OPUNOHU BAY, French Polynesia — A replica of the HMS Bounty is anchored at Moorea by a golden beach against a backdrop of craggy, green-velvet mountains.
It is being used by a French film company shooting a sequel to the Bounty trilogy by Nordhoff and Hall and by an Australian crew filming the story of British Capt. James Cook, whose sailing master during his third voyage was the William Bligh of Bounty fame.
One look at the attractions that mutineer Fletcher Christian and his men found in Tahiti made us wonder why they didn't mutiny even earlier, and we congratulated ourselves all over again on having chosen to sail through the islands of French Polynesia aboard the Liberte.
First of all this ship, American Hawaii Cruises' third and newest vessel, is absolutely beautiful, probably the most sophisticated and appealing redecoration yet on a cruise ship renovation.
The 715-passenger Liberte, refurbished last year, was formerly Holland America's Volendam. It underwent a series of inaugural season snarls from late delivery to a damaged propeller blade to balky air conditioning during its first nine months, but our recent October sailing during its 10th month was smooth as silk.
What had been regarded as an inherent problem--the lack of large-scale tourism support facilities such as tour buses for the usual shore excursions--has turned out to be one of the most delightful aspects of the cruise, as passengers can choose any one of more than 50 shore excursions, many of which are limited to groups of 15 or 20.
Entrepreneurs on each island created these ideas for tours, some whimsical as the Red Chevy Tour of Raiatea, for example, which rattles up a mountain dirt road for a spectacular view all the way to Bora Bora, then drops you at the pretty river-side cottage of a homesick American who serves banana-coconut pie warm from the oven and talks about Colorado. That's followed by an outrigger canoe river journey, then a snorkeling excursion to a sandy, uninhabited little island called a motu.
Here on Moorea we are part of a party of two dozen tourists who spent the morning cruising on a 70-foot sailing yacht through the bays and beyond the reef, followed by snorkeling and a beach barbecue lunch of superb fresh grilled tuna, and finally a drive in small vans through the island's interior.
The year-round itinerary is a tropical dream week, sailing from Papeete's downtown waterfront on a Saturday night, spending Sunday at sea, Monday in lush and lovely Bora Bora, Tuesday in quietly rural Huahine, Wednesday in Raiatea and nearby Tahaa, Thursday at sea and Friday in Moorea.
Most of the energetic and enthusiastic passengers on the Liberte are younger than 50, and many come from the West Coast. The excellent dining room and hotel staff is primarily Filipino. This ship, unlike its U.S.-flag sister ships Constitution and Independence, is registered in Panama.
The cabins aboard the Liberte are generally fairly spacious, and the decor appealing--pebbly, sand-colored carpeting; plenty of storage, mirrors and good reading and makeup lights; a choice 1868963956the day and evening; pastel bedspreads and curtains and a pretty framed Tahitian print. The large bathrooms have been tiled in pale yellow, and many offer tubs as well as showers.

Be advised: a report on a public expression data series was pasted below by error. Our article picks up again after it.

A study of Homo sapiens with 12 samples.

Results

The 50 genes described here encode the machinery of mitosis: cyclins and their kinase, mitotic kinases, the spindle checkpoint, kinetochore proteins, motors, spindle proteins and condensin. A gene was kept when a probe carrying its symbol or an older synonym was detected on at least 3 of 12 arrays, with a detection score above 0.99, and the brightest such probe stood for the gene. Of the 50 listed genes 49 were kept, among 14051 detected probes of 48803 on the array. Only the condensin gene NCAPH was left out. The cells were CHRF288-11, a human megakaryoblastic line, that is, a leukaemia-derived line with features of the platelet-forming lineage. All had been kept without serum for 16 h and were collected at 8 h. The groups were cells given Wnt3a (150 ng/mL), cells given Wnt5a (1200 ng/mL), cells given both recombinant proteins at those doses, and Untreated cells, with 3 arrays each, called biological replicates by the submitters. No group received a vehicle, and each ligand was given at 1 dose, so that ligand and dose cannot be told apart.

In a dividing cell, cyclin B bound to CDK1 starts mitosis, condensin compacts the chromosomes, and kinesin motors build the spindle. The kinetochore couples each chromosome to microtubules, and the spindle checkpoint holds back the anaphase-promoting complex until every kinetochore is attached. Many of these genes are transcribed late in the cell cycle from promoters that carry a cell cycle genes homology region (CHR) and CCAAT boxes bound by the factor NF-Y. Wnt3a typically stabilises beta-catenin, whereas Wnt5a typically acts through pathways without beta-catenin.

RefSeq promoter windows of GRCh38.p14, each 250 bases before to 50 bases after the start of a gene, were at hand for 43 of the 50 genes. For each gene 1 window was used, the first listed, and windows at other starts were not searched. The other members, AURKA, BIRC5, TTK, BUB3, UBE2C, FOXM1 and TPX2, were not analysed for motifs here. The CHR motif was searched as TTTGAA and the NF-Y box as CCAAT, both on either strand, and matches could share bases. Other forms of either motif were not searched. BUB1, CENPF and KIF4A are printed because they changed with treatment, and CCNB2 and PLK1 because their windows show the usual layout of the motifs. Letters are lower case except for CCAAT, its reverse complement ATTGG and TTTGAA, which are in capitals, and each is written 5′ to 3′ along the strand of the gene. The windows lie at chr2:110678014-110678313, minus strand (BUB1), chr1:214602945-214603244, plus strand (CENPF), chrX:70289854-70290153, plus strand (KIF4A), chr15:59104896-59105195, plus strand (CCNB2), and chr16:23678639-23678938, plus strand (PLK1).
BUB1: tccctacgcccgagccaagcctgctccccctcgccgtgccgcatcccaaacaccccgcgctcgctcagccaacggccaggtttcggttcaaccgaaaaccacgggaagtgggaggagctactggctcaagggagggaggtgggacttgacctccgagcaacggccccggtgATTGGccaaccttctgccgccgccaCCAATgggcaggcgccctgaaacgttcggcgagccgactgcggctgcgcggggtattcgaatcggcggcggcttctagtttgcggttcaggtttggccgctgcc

One of the best ideas we've seen in alternative cruise ship food service in some time is The Reef, a 24-hour, self-service buffet and deli that supplements the bright and airy Tiare dining room. A full hot breakfast and lunch are served there, as well as soups, sandwiches and salads throughout the evening. At a grill on deck, hamburgers and hot dogs are cooked until 5 every afternoon for passengers who get back from shore excursions too late for dining room lunch.
Classy-clever plaster '30s bathing beauties against a background of Art Deco flamingo and aqua decorates Le Club, a delightful disco and lounge, while the quiet and romantic little Bali Hai Lounge, high atop the ship and forward, is as beguiling as its namesake, especially when musician Willie Dann is on hand to sing gentle love songs.
Overall, the music, food, service and entertainment on the Liberte struck us as a cut above her sister ships.
A couple of small quibbles: There are no ship's clocks on board as far as we could tell, and the main shuffleboard court is smack in the middle of the pool deck traffic so that oblivious swimmers and sunbathers may wander through in the middle of a game. Also, it should be noted that the Liberte cannot be recommended for mobility-impaired travelers, as it is necessary to go ashore by tender at every port of call.
For the rest of 1986, cruise-only fares on a per person, double occupancy basis range from $1,195 for one of only three budget inside cabins to $2,995 for one of four deluxe outside suites. The average ab runs around $1,795. Prices will increase slightly next year in most categories, ranging from $1,495 to $2,995.
American Hawaii offers three-night pre-cruise and four-night post-cruise Tahiti lodging and transfer packages at the Tahara'a, Maeva Beach and Beachcomber hotels for $99 per person, double occupancy through the end of the year ($199 in 1987), along with a round-trip air add-on of $299 from the West Coast.
Now there is an alternative land-and-cruise package for the Liberte, offered by Jet Vacations in conjunction with Air France's new West Coast-Papeete service introduced in late September. An eight-night vacation includes the full cruise and a land portion with transfers, overnight lodging, breakfast and dinner at the Maeva Beach Hotel, all for the cabin price of the cruise plus Air France round-trip air fare ($807, including tax).
According to American Hawaii, you need not worry about the recently added visa requirement for France and its territories, as French customs officials in Papeete will issue the stamps on arrival at the airport with no charge for U.S. citizens.